Santa Barbara City Council Bans Natural Gas in New Construction

Over 45 Cities Have Enacted Some form of Restrictions

Credit: Courtesy

Councilmember Kristen Sneddon described taking a road trip in Oregon earlier this summer, crossing into terrain where the temperature regularly exceeded 100 degrees, driving through country where the wildfires had exploded, and crossing over lakes that had been baked bone dry. Climate change is no longer some hypothetical reality, she said; it’s right now.

Even closer to home, speakers reminded the council of the Thomas Fire and the deadly debris flow it triggered.

The Santa Barbara City Council was about to vote on a proposed ban of natural gas hook-ups in any new construction, and there was no debate. The gas company didn’t even bother to show up and neither did Californians for Balanced Energy Solutions, a notorious front group created by SoCal Gas to lobby against such proposed bans.

It was just as well. It would only have prolonged their misery. The vote was unanimous.

Many speakers from Sierra Club and a host of organizations, however, testified in favor of the proposal. They schooled councilmembers on the perils of natural gas; it contains methane which is 80 times worse than carbon dioxide in terms of climate change; it increases the risk of asthma for young kids in homes heated with natural gas; it’s produced increasingly by fracking, a technology that poses contamination risks for the groundwater basins.

“I really believe the time has come for this ordinance,” declared Councilmember Sneddon, who made the motion for approval. Councilmember Michael Jordan seconded the motion.

Sustainability and Resilience planner Alelia Parenteau estimated that about 50 building permits are issued every year. “That’s not necessarily 50 units,” she cautioned. “Some projects are much bigger than that.”


Santa Barbara’s ordinance, however, contains a host of exemptions. Current restaurants can continue to use gas stoves. Additions and remodels of existing homes are exempt as well unless they qualify as a near tear down. That’s defined by any proposal that impacts two of three thresholds: 75 percent of roof area, 75 percent of wall area, and 75 percent of foundation area. Detached granny flats must comply; attached granny flats are exempt.

Not everyone was buying it. The Santa Barbara County Taxpayers Alliance opposed the ban, the only organization to do so. A representative from the pool and spa industry asked for an exemption for pools; he got nowhere. A former Westside resident, who said he recently moved to Phoenix because of Santa Barbara’s high housing prices, doubted that Santa Barbara’s fragile electrical grid was up to the challenge, especially with the Diablo Canyon nuclear power plant shutting down soon and hydroelectric plants hamstrung by the drought.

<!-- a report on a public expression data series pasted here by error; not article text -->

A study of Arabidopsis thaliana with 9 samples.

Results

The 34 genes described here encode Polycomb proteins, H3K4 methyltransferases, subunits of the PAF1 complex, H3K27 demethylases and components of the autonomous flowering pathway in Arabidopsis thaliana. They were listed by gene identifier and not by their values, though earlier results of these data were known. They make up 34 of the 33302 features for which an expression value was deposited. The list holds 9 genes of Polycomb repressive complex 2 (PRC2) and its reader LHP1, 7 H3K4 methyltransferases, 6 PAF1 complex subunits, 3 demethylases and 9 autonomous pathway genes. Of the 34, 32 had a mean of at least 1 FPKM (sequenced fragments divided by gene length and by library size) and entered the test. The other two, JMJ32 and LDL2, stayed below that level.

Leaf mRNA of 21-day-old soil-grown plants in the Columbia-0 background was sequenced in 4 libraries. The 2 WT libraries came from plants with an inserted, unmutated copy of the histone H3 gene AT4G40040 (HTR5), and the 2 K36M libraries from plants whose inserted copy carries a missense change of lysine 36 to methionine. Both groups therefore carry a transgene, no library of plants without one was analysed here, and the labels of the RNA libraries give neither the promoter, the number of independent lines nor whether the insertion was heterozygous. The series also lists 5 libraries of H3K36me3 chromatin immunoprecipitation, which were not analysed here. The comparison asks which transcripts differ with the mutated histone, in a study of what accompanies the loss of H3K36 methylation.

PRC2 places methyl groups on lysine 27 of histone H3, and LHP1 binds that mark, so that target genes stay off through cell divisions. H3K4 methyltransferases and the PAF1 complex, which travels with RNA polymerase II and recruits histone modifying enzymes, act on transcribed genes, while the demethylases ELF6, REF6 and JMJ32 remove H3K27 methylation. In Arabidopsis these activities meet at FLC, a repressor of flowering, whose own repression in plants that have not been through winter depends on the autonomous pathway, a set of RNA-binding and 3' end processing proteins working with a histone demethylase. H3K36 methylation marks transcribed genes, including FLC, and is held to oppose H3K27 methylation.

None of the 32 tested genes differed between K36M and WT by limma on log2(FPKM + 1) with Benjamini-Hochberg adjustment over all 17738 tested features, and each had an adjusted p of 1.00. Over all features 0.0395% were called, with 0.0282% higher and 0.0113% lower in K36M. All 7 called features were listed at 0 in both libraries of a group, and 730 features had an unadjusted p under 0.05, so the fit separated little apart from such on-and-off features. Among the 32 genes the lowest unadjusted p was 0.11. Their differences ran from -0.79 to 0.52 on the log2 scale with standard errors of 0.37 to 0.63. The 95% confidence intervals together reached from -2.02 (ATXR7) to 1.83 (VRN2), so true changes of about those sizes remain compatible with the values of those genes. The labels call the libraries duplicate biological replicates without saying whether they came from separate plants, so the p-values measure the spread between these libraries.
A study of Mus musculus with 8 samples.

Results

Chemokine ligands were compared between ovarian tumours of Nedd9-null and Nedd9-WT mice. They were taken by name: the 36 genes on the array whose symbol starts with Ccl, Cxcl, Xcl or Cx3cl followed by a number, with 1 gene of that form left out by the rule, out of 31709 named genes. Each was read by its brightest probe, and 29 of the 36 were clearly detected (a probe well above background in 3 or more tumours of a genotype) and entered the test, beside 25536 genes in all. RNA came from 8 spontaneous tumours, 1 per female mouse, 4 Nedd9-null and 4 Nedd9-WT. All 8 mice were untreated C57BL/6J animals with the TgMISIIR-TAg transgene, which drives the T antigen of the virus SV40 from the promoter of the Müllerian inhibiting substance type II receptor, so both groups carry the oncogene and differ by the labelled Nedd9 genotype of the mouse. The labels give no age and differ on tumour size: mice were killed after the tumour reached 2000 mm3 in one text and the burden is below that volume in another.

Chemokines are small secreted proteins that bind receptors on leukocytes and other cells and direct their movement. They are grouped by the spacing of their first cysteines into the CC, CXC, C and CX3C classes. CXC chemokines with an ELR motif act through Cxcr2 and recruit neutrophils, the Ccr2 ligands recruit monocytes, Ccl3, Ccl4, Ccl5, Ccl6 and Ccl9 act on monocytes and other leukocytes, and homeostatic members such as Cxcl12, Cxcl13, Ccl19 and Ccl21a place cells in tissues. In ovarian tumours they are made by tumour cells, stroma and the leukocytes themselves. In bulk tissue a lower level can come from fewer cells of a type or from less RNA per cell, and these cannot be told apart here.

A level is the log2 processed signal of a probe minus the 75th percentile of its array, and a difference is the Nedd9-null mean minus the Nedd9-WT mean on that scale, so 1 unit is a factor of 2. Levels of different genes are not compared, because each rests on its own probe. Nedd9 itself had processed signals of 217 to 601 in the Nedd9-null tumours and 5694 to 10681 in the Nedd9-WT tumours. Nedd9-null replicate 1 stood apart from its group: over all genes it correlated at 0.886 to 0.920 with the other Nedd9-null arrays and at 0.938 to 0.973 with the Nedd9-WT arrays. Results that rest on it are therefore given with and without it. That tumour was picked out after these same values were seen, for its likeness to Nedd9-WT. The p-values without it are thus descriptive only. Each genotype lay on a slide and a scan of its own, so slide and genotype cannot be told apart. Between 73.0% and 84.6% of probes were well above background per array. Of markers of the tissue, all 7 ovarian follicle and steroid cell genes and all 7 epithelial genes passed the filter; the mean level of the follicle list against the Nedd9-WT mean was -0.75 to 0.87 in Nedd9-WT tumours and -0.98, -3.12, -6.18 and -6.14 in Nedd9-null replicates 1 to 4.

Anna Marie Gott, the council’s vociferous watchdog, supported the proposal but wondered why the council didn’t require solar installations on all new construction. No one answered.

Parenteau took exception with those who’ve dismissed the city’s effort as environmental tokenism. The most tangible and immediate impact of such ordinances, she said, is that they “send a clear market signal to invest in electrical technology.” As more cities take similar action, she said, the market forces realign.

For the past year, Parenteau has spent much of her waking hours extolling the virtues of new electric stoves. “They’re not your parents’ electric stove,” she has repeatedly said. Twenty years ago, she noted she says, the electric stove market was all but nonexistent. Today, every high-end manufacturer catering to the upscale foodie market makes an electric induction stove that can double as a pin-up in Architectural Digest. “The Big Boys started to invest in the technology,” she said. Change happens.

Parenteau expressed relief and surprise that the opposition didn’t make the council meeting as it has in the past. “Now the hard part begins,” she said. “Now we have to get the word out.”